Mexican federal officials said six law enforcement officers were killed today in the intersection of Santiago Troncoso and Durango in south Juarez.
Gunmen ambushed two police vehicles at busy intersection in Ciudad Juarez on Friday, killing six officers and a 17-year-old girl who was passing by, authorities said.
Chihuahua state spokesman Enrique Torres Valadez said five of the six police officers were federal, and one was municipal. Authorities said the police officers in the vehicles were distracted by someone selling items on the street when the gunmen opened fire. The assailants then fled in three vehicles.
Members of the Federal Police cover the corpse of a policeman killed by drug traffickers in Ciudad Juarez, Mexico, on April 23. Six police officers and a civilian were killed in a shootout in Mexico's most violent city, on the border with the United States, according to a local police officer.
Initial reports from Ciudad Juárez were that the slain officers had simply been performing their jobs.
They were ambushed by many gunmen in an attack that investigators said might have been a response to an operation the previous day, in which the federal police detained eight people in a stolen vehicle with automatic weapons, cocaine and marijuana.
The officers were attacked by the sicarios without giving the officers time to repel the aggression. It was reported that the sicarios were travelling in at least four trucks and fired more than 70 times against the federal police officers.
"There are six police and one civilian dead but there could be more," the officer said, requesting anonymity.
Police came under fire as they attempted to stop a caravan of vehicles carrying suspected drug gang hitmen, he added.
Police officers help an injured colleague out of a bullet-riddled vehicle after a shoot-out in Ciudad Juarez April 23, 2010. According to local media, at least six police officers and one civilian were killed when two police vehicles were ambushed by hitmen.
No one has been arrested but police said they have recovered two of the three cars used in the shooting.
They 17-year-old girl killed was identified as Gabriel Arellano Sotelo, who unfortunately lost her life while walking by when the shooting started.
Another of the victim's killed was identified as policewoman Agustina Ana Nevarez who was 22 years old and who was an active element of the municipal police.
When a police officer is killed in Mexico, as six of them were Friday on the streets of Ciudad Juárez, the sad question that immediately arises is, “Whose side were they on?”
The drug gangs wreaking so much havoc throughout Mexico have long bribed officers to help keep their shipments of narcotics flowing. Traffickers consider police officers working for rival gangs to be the enemy.
But adding confusion to the matter is that the many honest officers, those who risk their lives to keep the streets safe and who are not on any criminal organization’s payroll, are also considered to be enemies by Mexico’s heavily armed traffickers.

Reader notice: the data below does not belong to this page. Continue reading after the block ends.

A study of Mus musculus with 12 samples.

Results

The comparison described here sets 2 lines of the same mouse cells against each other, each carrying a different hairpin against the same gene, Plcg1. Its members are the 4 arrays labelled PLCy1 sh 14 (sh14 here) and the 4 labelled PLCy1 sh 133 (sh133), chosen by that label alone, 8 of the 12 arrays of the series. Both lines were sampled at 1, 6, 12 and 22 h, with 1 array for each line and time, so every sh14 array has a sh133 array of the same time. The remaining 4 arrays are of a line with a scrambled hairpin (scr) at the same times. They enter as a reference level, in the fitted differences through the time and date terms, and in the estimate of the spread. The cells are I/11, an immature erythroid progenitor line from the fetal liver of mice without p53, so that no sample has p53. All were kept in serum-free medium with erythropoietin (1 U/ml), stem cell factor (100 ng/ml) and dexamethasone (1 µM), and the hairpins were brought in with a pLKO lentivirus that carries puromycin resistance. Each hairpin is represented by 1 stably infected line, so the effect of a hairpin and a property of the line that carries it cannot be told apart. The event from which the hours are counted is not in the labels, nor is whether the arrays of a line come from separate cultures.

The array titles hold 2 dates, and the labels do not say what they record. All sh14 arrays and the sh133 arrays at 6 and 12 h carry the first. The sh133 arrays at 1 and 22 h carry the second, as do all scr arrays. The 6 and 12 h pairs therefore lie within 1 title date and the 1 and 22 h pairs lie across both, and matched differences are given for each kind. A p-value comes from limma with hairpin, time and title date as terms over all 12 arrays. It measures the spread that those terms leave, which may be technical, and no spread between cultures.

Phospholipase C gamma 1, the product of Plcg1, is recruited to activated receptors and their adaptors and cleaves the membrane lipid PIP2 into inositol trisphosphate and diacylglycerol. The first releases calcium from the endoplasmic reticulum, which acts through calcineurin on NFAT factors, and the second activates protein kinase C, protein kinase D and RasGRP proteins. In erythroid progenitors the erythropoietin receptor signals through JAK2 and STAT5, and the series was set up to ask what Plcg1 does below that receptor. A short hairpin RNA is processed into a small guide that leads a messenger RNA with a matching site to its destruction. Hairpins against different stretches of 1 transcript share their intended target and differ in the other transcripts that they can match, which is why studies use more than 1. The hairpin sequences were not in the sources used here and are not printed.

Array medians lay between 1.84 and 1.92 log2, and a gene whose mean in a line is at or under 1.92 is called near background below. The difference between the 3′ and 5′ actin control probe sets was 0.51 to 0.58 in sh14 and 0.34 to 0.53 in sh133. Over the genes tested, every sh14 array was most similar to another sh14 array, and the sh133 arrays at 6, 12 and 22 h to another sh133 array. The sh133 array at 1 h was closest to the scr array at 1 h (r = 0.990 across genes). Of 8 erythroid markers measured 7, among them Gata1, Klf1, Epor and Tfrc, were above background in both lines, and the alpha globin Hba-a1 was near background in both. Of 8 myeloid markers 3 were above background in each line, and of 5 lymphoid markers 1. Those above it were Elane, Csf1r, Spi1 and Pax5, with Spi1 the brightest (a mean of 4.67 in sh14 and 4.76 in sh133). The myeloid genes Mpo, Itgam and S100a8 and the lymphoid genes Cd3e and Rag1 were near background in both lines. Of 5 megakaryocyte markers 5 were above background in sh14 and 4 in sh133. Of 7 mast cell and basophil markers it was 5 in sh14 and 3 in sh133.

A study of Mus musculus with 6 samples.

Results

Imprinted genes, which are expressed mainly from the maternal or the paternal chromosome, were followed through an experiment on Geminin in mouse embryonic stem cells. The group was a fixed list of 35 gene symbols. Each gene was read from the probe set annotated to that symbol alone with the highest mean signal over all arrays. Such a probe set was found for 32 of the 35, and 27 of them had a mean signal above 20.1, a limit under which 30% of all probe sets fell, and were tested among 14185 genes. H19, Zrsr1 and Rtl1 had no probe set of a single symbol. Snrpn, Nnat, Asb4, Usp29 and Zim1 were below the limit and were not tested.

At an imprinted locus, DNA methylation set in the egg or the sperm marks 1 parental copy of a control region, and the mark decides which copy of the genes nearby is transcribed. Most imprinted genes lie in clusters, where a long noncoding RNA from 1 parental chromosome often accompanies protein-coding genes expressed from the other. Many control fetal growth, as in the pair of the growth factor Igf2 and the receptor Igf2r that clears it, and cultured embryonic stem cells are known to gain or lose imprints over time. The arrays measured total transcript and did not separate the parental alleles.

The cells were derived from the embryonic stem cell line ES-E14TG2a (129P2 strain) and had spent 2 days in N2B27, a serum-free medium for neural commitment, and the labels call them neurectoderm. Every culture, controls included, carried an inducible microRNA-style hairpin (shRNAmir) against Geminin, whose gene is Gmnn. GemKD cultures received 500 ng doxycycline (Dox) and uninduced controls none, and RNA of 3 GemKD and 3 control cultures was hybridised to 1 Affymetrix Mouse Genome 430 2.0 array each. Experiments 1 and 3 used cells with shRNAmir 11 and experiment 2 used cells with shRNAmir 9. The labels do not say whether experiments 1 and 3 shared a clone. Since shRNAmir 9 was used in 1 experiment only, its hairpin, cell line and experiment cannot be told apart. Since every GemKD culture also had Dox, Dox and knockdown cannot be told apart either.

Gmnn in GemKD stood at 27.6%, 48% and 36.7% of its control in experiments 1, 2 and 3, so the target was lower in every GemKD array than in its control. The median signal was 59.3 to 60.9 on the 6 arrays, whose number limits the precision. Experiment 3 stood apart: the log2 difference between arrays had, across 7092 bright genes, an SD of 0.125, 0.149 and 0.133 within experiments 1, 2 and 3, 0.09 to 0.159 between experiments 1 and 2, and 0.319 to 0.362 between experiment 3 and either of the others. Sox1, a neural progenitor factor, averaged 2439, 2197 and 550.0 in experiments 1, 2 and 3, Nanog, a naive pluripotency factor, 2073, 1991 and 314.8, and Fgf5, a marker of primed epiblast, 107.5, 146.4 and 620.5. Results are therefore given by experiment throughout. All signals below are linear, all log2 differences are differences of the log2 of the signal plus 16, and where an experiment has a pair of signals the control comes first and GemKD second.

Ciudad Juarez is one of the world's deadliest cities, and a two-year turf battle between drug cartels has left more than 5,000 people dead. The army, which had been policing the streets of Ciudad Juárez since last year to give local authorities time to train new police officers who are not corrupt, ceded law enforcement duties to the police this month.
Since then, numerous officers have been detained for various irregularities.
An operation in Monterrey, another violence-racked Mexican city, focused Friday on entire police departments believed to be linked to drug traffickers. The army took over several local police installations, replacing the officers with state agents.
Many local officers in the area are believed to be working for the Zetas, a drug gang known for its particularly ruthless ways. There is even a nickname for such officers: polizetas.
President Felipe Calderón said in a speech last week that more than 90 percent of the nearly 23,000 people killed in the drug war over the last three years were criminals.
Mr. Calderón said police officers and soldiers made up less than 5 percent of the deaths and bystanders an even smaller percentage.
Elsewhere, police in Guerrero said they found the bodies of five men who had been shot to death lying on a dirt road near Chilpancingo, the capital of the Pacific coast state. Three of the men were brothers, all in their 20s.
The state has been a major battleground for warring cartels, including the Beltran Leyva gang, but it was not clear whether the shootings were part of the ongoing drug violence.
In Morelos state, federal police and the Mexican military raided two ranch homes and arrested eight people near the town of Amacuzac. Those arrested were taken to Mexico City in a helicopter. Authorities said they are suspected drug traffickers.
An estimated 22,700 people have been killed in Mexico's drug war since December 2006.